On bike, attached to the Pat Walsh radar shelf:


In car, with the included car kit (crummy picture):


Wow, they have these for a great price now:
http://www.edgegps.com/eCart/viewItem.html?idProduct=275

I paid more than that for mine and I bought it from another member on ADVRider. Doh!
 

 

 


The Zumo is great for motorcycles, but still $500 or more. I have the 550 and a Nuvi 760. I've owned the 2610, 2720, 2820, Quest, Nuvi 360, Nuvi 660, and Nuvi 760 (and some handhelds). Before I bought the Zumo, I used my Nuvi 660 in the map pocket of my tank bag.

If your budget is tight, some folks are going with the old Garmin 2610's or 2720's. Others are buying one of the low-end Nuvis, like the 200 or 250W, available new for $200 or less.

Zumo
Comes with great mount
Easy to work with gloves
Can share routes with SD card
Internal battery

2610:
Customizable front screen
Less than $200
Can optimize route with multiple destinations.
Physically large
Doesn't have GarminLock
No internal battery, high sensitivity receiver.

Nuvi series:
Not considered "motorcycle friendly" by Garmin - or waterproof
Large, bright display.
Can't display speed and map at same time if route is selected.
Most models can only contain one via point and one destination on route.
Has internal battery, useful for walking or biking.
Has high sensitivity receiver, recalculates quickly.
Some models have internal antenna
Some models have bluetooth, FM traffic support
 


when i'm riding lost, i pull over, turn it on , look at the map, program a route if i want. and put it in the transparent pouch on top of my tankbag.

i think it's way more practical than a dedicated gps unit. i can use it in a car, on an airplane, while walking through any city i don't know... plus it kleps track of my contacts, appointments, holds tons of mp3s and allows me to connect to the net and check my email from anywhere that has cellphone coverage.

not having it semi-permanently mounted on the bike is a good thing for me. otherwise there's no adventure in the motorcycling anymore. i believe there's no fun in knowing where you're going to end up. i do however like teh security of always being able to find my way back or to a gas station...

and for 400$, ithink i got the best of everything. i like the versatility.

what mostly closed the deal for me was the battery life. even whith the gps on with voice prompts and bright lcd, and while playing mp3s much of the time, the thing still had 40% battery life left after 8 hours of continued use.

personally, i'd never own a dedicated gps unit. that'd be like just owning a dedicated motorcycle that only does one thing. versatility is fun!
 

 


Basic, but still good...Garmin 2610. A lot of people really like this unit.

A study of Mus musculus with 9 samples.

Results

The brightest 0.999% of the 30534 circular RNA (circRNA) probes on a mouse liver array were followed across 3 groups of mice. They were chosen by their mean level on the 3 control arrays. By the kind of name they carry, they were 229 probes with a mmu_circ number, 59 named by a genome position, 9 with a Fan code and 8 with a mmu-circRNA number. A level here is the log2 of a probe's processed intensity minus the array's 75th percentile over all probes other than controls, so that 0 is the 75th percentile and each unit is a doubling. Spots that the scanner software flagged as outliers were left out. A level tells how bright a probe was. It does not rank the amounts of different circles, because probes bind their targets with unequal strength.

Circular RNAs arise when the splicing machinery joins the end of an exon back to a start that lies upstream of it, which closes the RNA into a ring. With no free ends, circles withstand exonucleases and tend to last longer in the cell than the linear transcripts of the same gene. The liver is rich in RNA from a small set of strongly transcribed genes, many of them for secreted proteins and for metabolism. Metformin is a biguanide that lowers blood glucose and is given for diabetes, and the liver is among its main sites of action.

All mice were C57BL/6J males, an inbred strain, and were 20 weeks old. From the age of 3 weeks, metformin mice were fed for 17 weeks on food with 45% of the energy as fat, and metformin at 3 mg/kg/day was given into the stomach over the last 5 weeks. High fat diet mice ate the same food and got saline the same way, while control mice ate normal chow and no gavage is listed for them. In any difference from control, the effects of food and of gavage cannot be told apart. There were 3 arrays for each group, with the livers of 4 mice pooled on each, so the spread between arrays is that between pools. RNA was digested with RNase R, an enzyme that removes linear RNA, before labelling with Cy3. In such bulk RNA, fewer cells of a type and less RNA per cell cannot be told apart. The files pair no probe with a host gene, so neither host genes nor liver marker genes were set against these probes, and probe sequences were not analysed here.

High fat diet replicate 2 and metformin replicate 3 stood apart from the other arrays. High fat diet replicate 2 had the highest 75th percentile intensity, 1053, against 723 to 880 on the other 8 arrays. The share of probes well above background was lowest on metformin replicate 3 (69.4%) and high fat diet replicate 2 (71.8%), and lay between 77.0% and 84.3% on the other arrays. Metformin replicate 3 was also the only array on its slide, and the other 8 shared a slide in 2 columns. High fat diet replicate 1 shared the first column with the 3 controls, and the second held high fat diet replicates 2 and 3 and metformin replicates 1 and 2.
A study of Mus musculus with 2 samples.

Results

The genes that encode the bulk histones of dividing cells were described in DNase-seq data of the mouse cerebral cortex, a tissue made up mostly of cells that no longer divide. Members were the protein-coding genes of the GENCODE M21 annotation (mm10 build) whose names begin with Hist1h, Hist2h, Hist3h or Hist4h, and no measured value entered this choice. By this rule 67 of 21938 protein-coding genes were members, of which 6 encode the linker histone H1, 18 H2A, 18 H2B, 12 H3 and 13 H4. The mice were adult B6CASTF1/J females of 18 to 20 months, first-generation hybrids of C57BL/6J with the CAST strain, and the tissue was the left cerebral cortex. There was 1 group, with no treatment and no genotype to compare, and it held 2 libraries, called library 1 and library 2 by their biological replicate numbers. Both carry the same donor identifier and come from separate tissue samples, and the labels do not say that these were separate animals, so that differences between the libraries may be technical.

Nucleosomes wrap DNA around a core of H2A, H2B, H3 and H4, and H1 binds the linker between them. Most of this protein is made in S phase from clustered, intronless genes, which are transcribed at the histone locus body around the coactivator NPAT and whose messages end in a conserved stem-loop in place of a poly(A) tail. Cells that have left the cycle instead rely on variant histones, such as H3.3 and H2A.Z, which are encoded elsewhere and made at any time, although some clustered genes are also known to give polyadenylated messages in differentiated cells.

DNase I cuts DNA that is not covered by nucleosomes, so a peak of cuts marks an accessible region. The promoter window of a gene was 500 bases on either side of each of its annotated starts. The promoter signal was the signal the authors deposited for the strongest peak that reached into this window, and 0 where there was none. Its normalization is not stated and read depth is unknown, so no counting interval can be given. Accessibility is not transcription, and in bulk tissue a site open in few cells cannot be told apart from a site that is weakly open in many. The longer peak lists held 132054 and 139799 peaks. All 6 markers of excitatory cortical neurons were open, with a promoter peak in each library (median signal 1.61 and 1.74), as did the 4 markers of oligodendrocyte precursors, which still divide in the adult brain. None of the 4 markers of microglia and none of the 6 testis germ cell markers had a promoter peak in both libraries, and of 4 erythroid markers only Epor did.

http://www.edgegps.com/eCart/viewItem.html?idProduct=263


Or, go all out, spend the $$$ one time and be done with it.
Garmin Zumo 550.

http://www.buydig.com/shop/product.aspx?sku=E1GRZUMO550

I went Zumo 550 route.


BTD.

I wanted a Zumo 550 but the price was way up there, especially after you add the XM antenna.
Someone reccomended the Garmin 2610 refurbished unit so i ended up getting it. It is a really nice unit for under $200. I'm very happy with it.
I got mine from the link above, very good service.
 


I also find spoken street names ("turn right on Groh Ave in 100 meters") make for a much more confident turn then just "turn right in 100 meters" - I don't have to look at the screen to double check.

The newer GPS' generally have much brighter screens in direct sunlight (even from the Nuvi 680 to Nuvi 750), more colors (256 on most older models), much higher sensitivity receivers (my eTrex won't Sat lock in my house, while the Nuvi 750 will), and can give you speed warnings (if map has speed limits on it, or if you create zones).

I use the FM transmitter in the Nuvi 750 (in a Ram cradle) to a Sony Walkman armband FM radio with JVC Marshmallow earbuds - I can listen to mp3/route commands on a FM preset, or listen to FM radio on other presets.

I'm still waiting on a "true" motorcycle GPS - it would have voltage display, temperature display, wind chill warnings, gyro readings (like the Sony NV-U83T), "gesture" commands on the touchscreen (i.e. draw a circle on the screen with your finger will set a route home), intercom function built-in (fm or bluetooth), mpg calculator, tire pressure indicators (rfid), and cost less then $500.
 


If you're thinking of using it with a com unit, you could always add the BT adapter to the autocom or starcom, and still have your BT.

Personally, I never use the phone when I ride so the 2730 is a great unit for me.
 

 

 


I've mounted this setup to the bike as well, but it doesn't work out very well because the Palm screen is too dim for easy legibility in sunlight.

But I flat-out refuse to spend $500+ on a motorcycle-specific GPS unit when I can get nearly all the same features from a $150 automotive unit. So I'm thinking of buying a TomTom ONE or ONE XL to replace the Palm.

--mark
 


+1 On the 550. It can pretty much do it all, knowing its allot of money, I thinkof it as a base unit which I can upgrade as I progress in technology. Blue tooth and MP3 are stock, additonal components to add on are XM radio, and doppler radar.
Best of all is the Garmin Mapsource is included in the package. Once you start checking prices, keep in mind that this little CD will cost at least another 100 or so if it was not included. Its somthing you'll need with garmin units.
That was the curve for me when i was pricing. I just uploaded my route for the weekend, 2 days and a 1000 or so miles.
 


It has plenty of motorcyle features, is vibration and waterproof.

I like it.

Cheers!
 

Someone reccomended the Garmin 2610 refurbished unit so i ended up getting it. It is a really nice unit for under $200. I'm very happy with it.
I got mine from the link above, very good service.
Get all GPS units cheaper at GPS Discount, plus great service.